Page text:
Solar power is coming of age at an interesting time. The boom that’s predicted for the remainder of 2016 and 2017 is pushing developments in battery technology and the invention of more flexible solar cells – ideas that can help solve limitations imposed by weather and a lack of sun. Efficiencies and storage are the key pieces missing from solar’s technological equation, and having them could potentially allow homeowners to produce their own energy virtually independent from the utility grid. That should give corporations and homeowners some leverage to start dictating their own terms and prices for electricity, especially if utilities continue to resist cost-mitigating incentives.
That kind of power could spell trouble for utilities, though – a truth that has not been lost on providers. They’re all too aware that solar incentives may upset current revenues, and many utilities have been watching the signs in the market since the Edison Electric Institute released an influential study in 2013. Titled “Disruptive Challenges: Financial Implications and Strategic Responses to a Changing Retail Electric Business,” the report predicted a hardscrabble future for utilities fighting for public dollars with emerging renewable providers.
Solar energy, then, has the power to be hugely disruptive by restructuring and breaking up utility dominance and allowing consumers to drive markets.
However, disrupting utilities isn’t as simple as merely finding the “Uber for electricity.” In the cab industry, the challenges were largely service-based issues that Uber, a more streamlined technology, was able to overcome. But utilities don’t just dish out energy – they’re a public service. They perform complicated load balancing that helps mitigate demand and prevent energy events. Decentralized energy may initially appear to provide residents with unlimited freedom, but it also puts homeowners at risk for blackouts and poor overall power performance, with little or no backup options to pull from in the event of an outage.
In California, for instance, where a mandate from the California Public Utilities Commission requires the state to generate a third of its energy from renewables by 2020, clean energy can sometimes result in very erratic loads. In fact, just this year, generation levels were so high that the state had to ask solar farms to stop producing to keep too much electricity from overwhelming the grid.
The magic equation in this case may be finding a utility-scale storage solution through which energy can be pulled to balance out demand, combined with time-of-use pricing and control structures. As to the first point, that requires a rethinking of battery technology. Electricity in its raw form is very difficult to store, as the high temperature leads to internal resistance that degrades battery performance. Essentially, the longer you store energy in a conventional battery, the harder the battery has to work, and the high amounts needed to support the grid would be virtually impossible to maintain. But convert that electricity to another energy form, like heat or compressed air, for instance, and it can be stored for much, much longer.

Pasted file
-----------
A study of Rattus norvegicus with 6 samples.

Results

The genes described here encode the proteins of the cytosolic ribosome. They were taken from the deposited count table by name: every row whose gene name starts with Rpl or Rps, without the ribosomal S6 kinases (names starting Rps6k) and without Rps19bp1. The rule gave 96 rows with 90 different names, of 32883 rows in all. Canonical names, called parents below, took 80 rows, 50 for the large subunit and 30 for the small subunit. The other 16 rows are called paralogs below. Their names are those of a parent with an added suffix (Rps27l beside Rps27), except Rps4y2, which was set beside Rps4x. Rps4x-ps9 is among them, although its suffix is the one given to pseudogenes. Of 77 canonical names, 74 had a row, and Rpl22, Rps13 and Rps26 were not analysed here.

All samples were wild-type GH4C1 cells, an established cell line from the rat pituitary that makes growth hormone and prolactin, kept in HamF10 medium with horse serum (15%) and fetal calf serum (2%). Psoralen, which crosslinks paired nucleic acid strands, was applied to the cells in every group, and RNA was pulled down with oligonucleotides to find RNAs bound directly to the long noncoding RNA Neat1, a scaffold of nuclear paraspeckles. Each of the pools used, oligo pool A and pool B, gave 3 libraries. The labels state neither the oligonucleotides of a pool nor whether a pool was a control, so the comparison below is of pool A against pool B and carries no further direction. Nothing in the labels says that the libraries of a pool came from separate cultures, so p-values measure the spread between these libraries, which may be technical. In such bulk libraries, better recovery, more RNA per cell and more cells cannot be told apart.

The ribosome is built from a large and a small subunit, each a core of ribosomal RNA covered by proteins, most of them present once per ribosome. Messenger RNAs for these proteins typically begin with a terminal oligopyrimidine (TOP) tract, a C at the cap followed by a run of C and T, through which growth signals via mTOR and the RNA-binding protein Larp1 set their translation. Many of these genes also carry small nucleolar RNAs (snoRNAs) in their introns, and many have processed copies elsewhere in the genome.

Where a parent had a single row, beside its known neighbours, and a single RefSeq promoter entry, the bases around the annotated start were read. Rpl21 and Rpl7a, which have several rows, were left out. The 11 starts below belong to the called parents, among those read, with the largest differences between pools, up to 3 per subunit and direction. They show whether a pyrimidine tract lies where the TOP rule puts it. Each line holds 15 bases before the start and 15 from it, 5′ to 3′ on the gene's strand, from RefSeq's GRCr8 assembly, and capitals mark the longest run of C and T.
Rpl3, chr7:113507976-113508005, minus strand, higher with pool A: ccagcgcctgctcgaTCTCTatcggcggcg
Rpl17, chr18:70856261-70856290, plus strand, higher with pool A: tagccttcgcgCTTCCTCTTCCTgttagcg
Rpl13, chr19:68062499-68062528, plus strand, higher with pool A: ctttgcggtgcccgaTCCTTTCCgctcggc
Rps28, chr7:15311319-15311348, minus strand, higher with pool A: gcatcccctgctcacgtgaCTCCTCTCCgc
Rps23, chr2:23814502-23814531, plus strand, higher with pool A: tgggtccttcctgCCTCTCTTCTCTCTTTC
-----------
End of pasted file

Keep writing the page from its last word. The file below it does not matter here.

There are many different groups striving to find the solution to large-scale renewable storage, ranging from massive, improved lithium-ion batteries to compressed air that can be released to power a generator when needed. One of the more interesting permutations of thermal batteries even has residential water heaters acting as both storage units and load balancing units.
In a report produced for the National Rural Electric Cooperative Association and other groups, The Brattle Group called electric water heating “the hidden battery” – not only can water heaters store thermal energy locally until it’s needed, but with smarter controls, they can also be turned off and on by local utilities to help smooth out energy use without any loss of quality for residents. Similarly, time-of-use pricing programs for electric vehicles (EVs) have demonstrated positive results when offered to EV owners – incentivizing residents to charge high-power devices at night might be one of the missing ingredients needed to even gaps in demand and allow for a renewable power grid.
Managing grid demand from the end-user side requires the deployment of smarter utility controls, however. But that’s where the grid is headed. The water heater initiative, for instance, is being driven by technology companies developing more sophisticated automated response controls that allow utilities to adjust demand on the fly and manage storage capacity by communicating back and forth with smarter devices. The grid needs to go in the same direction as home appliances – toward a more connected and automated future.
Although the dust is still settling on the renewable grid debate, one thing is clear: Utilities will prosper if they are able to embrace the new role of residents in energy generation and load management, rather than resisting it. Like many industries, utilities must now position themselves as service providers – whose greatest strength is unifying and balancing the grid and managing emergency events. A little disruption may be a good thing, in the long run, to promote more advanced technology and a more open conversation between residents and their energy providers.
Erin Vaughan is a blogger who currently resides in Austin, Texas, where she writes full time for Modernize.com.